By Jesse Marx
By Chris Parker
By Jake Rossen
By Jesse Marx
By Michelle LeBow
By Alleen Brown
By Maggie LaMaack
By CP Staff
He picked up guitar in his teens and joined his first band, the '60s-influenced mod-rocking Funseekers, in 1987. "I didn't make a record until I was in my 20s. I didn't get on stage until 30," he remembers. "I guess I'm sort of a late bloomer." Indeed, at times Crozier's strenuous self-deprecation and inveterate shyness suggest a man who is still growing into his impressive physical stature and daunting intellect. "People have made me out to be a hermit, but I'm not," he insists when presented with claims of his anti-stardom. "I just like to stay at home."
Chicago Sun-Times music columnist Jim DeRogatis, who played with Crozier in the short-lived '90s project the Wahinis, begs to differ, cheerfully evoking the hermit epithet to characterize Crozier's genius. "John Crozier is the strangest and most brilliant guitarist since [punk legend] Robert Quine," DeRogatis says. "He's easily the best guitarist Minneapolis has ever produced, but he's way too smart a person to fall into the rock-star trap. He just likes to wake up in the morning and have his tea and live his life. A certain kind of person assumes that if you're John Crozier and you're not on Interscope Records, you must be a frustrated musician, but he doesn't want that."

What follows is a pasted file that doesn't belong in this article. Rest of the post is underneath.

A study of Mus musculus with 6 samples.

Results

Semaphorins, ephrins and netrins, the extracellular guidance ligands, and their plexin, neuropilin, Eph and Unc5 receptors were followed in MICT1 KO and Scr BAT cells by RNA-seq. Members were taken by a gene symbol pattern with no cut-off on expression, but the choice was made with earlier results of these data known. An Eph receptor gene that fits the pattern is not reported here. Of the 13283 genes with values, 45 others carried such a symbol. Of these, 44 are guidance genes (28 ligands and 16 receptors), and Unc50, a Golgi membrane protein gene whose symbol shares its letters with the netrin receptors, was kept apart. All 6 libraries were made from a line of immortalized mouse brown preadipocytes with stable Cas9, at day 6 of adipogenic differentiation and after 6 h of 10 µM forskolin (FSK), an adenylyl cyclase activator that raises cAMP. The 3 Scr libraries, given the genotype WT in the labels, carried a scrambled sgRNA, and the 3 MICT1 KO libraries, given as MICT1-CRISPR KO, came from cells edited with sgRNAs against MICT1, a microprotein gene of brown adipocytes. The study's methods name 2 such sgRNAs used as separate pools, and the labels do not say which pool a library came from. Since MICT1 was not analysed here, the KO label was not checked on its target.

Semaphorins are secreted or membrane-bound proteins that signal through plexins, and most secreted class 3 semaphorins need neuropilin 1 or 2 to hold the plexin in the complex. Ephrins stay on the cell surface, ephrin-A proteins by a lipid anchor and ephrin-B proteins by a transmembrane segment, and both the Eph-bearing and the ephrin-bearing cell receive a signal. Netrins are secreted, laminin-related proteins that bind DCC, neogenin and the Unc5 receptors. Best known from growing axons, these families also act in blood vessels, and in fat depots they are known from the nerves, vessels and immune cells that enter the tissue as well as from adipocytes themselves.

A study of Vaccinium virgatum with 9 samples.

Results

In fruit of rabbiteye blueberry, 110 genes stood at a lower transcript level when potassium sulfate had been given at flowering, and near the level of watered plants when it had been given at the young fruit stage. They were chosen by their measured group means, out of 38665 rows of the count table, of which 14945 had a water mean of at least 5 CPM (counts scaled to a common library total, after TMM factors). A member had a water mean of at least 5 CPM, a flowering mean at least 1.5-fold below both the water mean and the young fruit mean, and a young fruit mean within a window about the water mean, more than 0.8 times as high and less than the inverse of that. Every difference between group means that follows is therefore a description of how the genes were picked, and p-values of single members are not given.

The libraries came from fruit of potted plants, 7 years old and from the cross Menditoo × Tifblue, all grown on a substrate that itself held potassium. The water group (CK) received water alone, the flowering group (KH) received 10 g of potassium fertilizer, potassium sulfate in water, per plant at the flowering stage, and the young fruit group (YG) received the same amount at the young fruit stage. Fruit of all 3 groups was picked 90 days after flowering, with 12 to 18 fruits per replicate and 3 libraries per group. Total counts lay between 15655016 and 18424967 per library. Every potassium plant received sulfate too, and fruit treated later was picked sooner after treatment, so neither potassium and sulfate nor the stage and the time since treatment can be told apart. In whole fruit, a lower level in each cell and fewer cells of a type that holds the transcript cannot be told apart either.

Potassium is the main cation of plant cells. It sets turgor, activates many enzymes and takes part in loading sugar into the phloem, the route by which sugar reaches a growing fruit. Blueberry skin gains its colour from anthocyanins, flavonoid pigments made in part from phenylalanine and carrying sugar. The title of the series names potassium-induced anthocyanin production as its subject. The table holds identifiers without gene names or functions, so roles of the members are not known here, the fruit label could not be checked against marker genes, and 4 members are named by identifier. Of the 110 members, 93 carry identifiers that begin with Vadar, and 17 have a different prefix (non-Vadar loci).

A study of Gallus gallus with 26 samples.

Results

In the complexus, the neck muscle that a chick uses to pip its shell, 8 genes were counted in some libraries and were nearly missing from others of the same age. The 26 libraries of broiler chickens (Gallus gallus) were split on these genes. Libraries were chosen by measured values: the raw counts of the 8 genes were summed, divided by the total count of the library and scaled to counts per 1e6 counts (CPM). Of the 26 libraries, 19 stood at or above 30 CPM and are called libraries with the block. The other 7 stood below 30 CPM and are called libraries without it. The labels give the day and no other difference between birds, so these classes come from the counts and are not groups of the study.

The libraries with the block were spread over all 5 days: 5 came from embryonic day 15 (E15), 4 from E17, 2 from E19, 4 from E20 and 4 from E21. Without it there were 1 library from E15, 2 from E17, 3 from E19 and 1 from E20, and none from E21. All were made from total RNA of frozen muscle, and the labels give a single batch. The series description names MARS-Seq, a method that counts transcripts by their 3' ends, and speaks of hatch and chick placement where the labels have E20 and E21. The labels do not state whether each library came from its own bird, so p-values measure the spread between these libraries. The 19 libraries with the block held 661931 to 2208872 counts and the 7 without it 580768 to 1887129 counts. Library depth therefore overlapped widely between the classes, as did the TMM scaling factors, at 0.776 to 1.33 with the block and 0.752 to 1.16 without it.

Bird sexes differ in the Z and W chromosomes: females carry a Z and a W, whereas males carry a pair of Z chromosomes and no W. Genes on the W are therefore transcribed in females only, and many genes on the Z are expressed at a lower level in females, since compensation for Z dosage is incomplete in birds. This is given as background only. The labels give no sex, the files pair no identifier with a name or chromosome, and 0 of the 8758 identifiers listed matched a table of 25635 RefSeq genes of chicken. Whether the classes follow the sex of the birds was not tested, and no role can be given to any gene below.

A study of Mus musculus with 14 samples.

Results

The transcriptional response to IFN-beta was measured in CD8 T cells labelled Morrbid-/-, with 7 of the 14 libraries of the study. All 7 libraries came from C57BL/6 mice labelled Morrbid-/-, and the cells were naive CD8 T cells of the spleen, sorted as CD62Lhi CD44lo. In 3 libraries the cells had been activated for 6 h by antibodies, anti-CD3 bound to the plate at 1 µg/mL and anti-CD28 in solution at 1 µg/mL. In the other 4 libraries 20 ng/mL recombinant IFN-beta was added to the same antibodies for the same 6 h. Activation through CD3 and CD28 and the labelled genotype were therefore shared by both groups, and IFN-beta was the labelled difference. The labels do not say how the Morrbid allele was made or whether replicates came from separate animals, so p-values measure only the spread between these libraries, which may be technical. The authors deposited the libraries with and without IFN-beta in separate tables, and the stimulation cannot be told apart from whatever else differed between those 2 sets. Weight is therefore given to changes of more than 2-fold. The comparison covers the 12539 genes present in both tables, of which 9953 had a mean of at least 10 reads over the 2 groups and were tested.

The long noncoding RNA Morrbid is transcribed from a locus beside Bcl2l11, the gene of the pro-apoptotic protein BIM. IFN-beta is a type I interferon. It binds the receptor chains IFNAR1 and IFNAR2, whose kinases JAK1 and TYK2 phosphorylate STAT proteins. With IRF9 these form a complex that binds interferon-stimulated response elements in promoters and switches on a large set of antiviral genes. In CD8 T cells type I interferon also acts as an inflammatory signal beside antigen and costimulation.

In fact, he wants a lot less than that. He will not take a compliment. When I finally come right out and compare his skill at brightening the corners of rigidly prescribed song forms to that of Thelonious Monk (that's right, Thelonious Monk), he hems for a second before almost leaping off the synagogue steps. "You know," he says, pausing for a moment, "I have been influenced by him."
He's also been touched by Wes Montgomery, Eric Satie, John Coltrane, Tricky, drum 'n' bass, and the Finish composer Einojuhani Rautavaara. In short, he has traveled, and he's brought the outer world to bear on his rich inner world.
"I feel like a real beginner," he says as midnight approaches and the traffic on Hennepin slows to a trickle. "It's like I'm still in training, and I may never get where I want to be."